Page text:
Katie O'Sullivan painting to be auctioned at London Sale
Guest Georgina Gold will conduct the bidding for Mother Love
The Goffs London Sale, held in association with Qipco at Kensington Palace on Monday, will conclude with a final additional charity lot – a painting by renowned artist Katie O’Sullivan.
The stunning original, depicting a mare and foal and entitled Mother Love, will go under the hammer at the end of the sale in aid of World Horse Welfare with guest auctioneer Georgina Gold wielding the gavel for that lot.
Gold, an independent art auctioneer, has more than 20 years’ experience in the art industry and has auctioneered for Sothebys all over the world.
“It’s a great honour to have been invited by Goffs to auction this exceptional painting by Katie O’Sullivan to raise important funds for World Horse Welfare,” said Gold. “Katie is one of the most sought after equestrian painters in Britain today.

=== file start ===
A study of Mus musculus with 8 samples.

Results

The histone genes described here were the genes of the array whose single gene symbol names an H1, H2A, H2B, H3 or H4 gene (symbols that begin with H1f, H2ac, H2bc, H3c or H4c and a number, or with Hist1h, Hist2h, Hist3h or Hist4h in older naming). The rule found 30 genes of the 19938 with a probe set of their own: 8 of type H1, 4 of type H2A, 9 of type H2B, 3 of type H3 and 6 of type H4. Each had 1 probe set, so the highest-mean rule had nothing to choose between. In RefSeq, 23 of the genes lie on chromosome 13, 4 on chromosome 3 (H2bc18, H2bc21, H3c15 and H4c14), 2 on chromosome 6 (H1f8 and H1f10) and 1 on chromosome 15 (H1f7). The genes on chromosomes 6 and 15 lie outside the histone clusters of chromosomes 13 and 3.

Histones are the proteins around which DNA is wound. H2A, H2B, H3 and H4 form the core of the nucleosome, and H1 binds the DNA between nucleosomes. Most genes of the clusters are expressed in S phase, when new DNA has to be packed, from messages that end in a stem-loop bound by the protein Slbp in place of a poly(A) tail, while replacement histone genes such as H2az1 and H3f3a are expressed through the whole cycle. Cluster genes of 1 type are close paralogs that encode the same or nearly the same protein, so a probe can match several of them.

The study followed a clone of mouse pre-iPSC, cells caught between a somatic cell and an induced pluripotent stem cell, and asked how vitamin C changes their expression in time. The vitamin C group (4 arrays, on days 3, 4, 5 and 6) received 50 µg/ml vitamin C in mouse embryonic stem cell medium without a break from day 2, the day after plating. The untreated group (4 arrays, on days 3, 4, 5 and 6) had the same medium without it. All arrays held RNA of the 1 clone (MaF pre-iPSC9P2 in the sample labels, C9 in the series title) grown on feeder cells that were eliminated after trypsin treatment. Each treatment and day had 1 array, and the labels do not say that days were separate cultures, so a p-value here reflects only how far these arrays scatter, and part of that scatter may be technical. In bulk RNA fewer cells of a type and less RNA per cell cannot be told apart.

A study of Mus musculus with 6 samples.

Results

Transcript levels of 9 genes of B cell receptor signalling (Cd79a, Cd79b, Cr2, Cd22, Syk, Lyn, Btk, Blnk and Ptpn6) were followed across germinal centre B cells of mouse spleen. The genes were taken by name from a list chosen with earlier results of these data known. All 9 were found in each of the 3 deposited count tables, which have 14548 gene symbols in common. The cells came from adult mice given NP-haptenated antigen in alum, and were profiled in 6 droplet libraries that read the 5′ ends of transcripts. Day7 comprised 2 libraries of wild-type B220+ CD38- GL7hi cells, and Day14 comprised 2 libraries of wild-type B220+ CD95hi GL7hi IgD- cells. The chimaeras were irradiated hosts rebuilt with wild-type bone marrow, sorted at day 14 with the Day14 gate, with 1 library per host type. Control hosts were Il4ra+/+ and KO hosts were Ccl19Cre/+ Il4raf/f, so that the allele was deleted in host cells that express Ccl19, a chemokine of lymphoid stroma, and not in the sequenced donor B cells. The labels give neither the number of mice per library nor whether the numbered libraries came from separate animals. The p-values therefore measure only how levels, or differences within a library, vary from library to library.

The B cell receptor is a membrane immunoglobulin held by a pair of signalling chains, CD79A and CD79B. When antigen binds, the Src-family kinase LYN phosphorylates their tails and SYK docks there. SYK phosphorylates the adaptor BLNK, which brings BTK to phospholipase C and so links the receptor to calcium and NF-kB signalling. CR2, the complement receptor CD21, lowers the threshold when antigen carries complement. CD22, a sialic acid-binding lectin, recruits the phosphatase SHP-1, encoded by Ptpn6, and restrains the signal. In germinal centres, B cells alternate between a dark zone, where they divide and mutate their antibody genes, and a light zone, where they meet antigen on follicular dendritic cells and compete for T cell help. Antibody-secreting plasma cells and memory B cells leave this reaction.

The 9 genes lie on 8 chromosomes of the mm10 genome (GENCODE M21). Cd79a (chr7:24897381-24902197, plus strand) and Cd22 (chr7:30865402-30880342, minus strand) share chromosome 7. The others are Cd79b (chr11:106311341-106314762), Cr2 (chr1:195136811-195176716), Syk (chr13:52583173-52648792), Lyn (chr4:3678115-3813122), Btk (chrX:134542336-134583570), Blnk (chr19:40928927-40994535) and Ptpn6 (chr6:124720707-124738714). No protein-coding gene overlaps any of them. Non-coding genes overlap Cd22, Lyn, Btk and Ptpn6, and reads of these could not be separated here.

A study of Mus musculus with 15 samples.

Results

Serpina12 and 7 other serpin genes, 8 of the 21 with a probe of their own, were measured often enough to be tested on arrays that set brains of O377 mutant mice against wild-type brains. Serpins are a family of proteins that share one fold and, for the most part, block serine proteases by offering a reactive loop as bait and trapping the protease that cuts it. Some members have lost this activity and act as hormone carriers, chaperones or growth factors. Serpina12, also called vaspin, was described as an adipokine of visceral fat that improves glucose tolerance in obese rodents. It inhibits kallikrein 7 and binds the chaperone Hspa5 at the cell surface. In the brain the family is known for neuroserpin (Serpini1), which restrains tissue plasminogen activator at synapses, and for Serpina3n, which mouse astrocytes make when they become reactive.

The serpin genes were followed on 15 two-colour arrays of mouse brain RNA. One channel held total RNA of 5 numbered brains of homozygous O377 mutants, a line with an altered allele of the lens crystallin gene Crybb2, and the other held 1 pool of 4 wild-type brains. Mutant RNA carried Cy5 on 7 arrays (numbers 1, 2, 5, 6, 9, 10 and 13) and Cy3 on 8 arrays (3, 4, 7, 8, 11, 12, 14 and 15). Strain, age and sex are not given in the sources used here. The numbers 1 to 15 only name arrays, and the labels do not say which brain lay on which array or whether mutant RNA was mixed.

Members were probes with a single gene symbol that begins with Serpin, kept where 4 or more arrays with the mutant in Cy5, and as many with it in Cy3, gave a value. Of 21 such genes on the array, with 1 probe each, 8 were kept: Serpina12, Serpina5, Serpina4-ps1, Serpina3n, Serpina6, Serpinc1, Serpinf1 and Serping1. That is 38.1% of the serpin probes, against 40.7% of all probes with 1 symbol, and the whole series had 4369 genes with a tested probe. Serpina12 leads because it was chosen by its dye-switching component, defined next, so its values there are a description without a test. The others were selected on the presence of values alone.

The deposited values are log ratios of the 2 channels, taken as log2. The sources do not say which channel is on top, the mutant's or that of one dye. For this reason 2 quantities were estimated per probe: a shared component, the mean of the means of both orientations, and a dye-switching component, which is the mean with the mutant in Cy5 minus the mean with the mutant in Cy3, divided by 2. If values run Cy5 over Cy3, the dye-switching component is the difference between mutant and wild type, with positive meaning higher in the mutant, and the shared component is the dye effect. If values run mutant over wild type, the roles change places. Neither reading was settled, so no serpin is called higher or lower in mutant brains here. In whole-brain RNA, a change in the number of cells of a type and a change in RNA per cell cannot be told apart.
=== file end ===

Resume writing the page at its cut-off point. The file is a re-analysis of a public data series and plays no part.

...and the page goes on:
“Her apparent spontaneity and freedom of brushstroke combined with her obvious understanding and passion for her subject make her a truly original and talented artist.”
O'Sullivan added: “I’m delighted to be supporting World Horse Welfare through the sale of this original painting. The charity does so much fantastic work to improve welfare across all aspects of the horse world and I’m proud that my painting will be helping to raise funds for a cause close to my heart.”
The painting will be on display during the sale.
Henry Beeby, Goffs group chief executive said: “Goffs is delighted to be able to support such a worthwhile charity and very pleased to welcome Georgina Gold to the rostrum, especially as she will be the first female auctioneer to wield the Goffs gavel in our 152-year history.”
World Horse Welfare is an international charity that improves the lives of horses around the world through education, campaigning, and hands-on care.
World Horse Welfare supports the responsible use of horses in sport and is a welfare adviser to the BHA and to the FEI. The charity also runs a programme with Retraining of Racehorses, rehabilitating vulnerable former racers and finding them new homes under World Horse Welfare’s rehoming scheme, the largest of its kind in Britain.